Vitalism has a long history in medical philosophies. Most traditional healing practices posited that disease was the result of some imbalance in the vital energies which distinguish living from non-living matter. In the western tradition, these vital forces were identified as the humourss; eastern traditions posited similar forces such as qi, prana, etc.
Aided by the discovery of the microscope, the germ theory of disease, which began to gain momentum in the 16th century, challenged the role of vitalism in western medicine. Attention was also drawn to the role of the various organs of the human anatomy, as opposed to vital forces, in the maintenance of life.
Experiments in the early 19th century continued to erode support for vitalism in the western scientific community. As an implication of vitalism, organic compounds were thought to be only produced by living organisms, as a byproduct of the presence of the vital forces. However, as chemical techniques advanced, it was found that many of these compounds, such as urea, could be produced using the same types of chemical processes that produced inorganic compounds.
Further chemical and anatomical discoveries pushed aside the "vital force" explanation, as more and more life processes came to be described in purely scientific terms, and as the medical model of disease came to be more and more focused on the failure of particular organs and processes in the body.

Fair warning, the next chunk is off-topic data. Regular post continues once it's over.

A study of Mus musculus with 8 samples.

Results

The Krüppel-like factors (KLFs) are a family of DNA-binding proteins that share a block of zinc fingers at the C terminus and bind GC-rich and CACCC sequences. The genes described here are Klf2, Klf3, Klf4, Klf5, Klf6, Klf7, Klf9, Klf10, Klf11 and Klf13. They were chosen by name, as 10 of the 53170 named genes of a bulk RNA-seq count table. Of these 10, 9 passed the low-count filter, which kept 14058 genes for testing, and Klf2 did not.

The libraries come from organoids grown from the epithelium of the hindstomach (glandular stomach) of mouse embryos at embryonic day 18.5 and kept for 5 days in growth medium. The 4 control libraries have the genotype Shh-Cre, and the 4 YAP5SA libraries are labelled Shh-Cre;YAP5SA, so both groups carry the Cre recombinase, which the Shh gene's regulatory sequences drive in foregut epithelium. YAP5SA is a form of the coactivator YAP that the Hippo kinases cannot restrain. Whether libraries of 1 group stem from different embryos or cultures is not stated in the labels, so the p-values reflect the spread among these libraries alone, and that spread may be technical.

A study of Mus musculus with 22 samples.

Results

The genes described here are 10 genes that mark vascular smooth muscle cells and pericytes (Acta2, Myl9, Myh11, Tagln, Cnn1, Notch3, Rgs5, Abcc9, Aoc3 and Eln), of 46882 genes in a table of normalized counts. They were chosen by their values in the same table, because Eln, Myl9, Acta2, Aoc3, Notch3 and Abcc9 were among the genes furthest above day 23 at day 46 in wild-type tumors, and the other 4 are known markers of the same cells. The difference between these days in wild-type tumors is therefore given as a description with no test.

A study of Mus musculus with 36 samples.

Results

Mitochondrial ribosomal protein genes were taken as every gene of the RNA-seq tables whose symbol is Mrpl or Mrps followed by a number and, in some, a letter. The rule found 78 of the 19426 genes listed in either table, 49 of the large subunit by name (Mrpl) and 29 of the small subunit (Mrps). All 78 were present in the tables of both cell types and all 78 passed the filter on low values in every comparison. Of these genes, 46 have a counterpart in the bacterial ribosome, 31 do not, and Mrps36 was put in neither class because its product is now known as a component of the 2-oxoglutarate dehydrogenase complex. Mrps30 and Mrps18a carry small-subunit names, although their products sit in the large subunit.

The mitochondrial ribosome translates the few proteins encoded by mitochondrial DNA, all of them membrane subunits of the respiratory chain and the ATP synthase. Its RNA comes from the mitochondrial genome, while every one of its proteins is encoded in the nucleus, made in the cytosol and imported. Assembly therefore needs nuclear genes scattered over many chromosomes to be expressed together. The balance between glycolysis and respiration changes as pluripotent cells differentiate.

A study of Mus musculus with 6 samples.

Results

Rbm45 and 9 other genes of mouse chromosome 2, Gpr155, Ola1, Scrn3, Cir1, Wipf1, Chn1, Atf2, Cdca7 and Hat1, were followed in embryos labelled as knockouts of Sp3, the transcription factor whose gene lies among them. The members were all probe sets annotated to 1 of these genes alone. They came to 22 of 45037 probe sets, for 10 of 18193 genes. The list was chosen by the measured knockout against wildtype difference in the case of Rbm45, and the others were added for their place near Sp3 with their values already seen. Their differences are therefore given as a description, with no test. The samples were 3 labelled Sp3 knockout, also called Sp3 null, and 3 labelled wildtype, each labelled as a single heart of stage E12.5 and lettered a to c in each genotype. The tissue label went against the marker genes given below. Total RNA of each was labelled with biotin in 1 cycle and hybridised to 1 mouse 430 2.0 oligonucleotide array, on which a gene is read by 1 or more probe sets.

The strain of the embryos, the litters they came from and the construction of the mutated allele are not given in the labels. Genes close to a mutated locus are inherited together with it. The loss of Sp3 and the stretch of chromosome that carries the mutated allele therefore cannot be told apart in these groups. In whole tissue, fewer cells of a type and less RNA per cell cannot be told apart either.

Vitalism in medicine (and more generally, in society) experienced a resurgence beginning in the late 20th century. Although scientific understanding of the biochemical processes which distinguish living from non-living matter has become increasingly sophisticated, so has the realization that these fundamental processes are incredibly complicated; and no complete, reductionist theory has yet been proposed which coordinates all of the actions which occur in a single cell (let alone a higher organism).
Sometimes a division between soft vitalism and hard vitalism may be drawn. The former have a vitalist world-view but employ common scientific methods in their conduct, stating that their metaphysical ideas have nothing to do with their work. The latter is the category usually identified with vitalism, clearly stating that the living calls for radically different methodologies than dead matter.
In addition, more attention has been directed towards understanding health and the role played by an individual's state of mind. Modern medical vitalism, as represented by such schools as homeopathy, acupuncture, anthroposophy, biodynamic agriculture and chiropractics, tends to emphasize this role in both the cause and treatment of diseases.
In terms of the biology of the cell itself, a return to vitalism may be seen in the philosophy of intelligent design; and the holistic idea that life is an emergent process which cannot be accurately described simply by understanding any number of chemical processes which occur in the cell.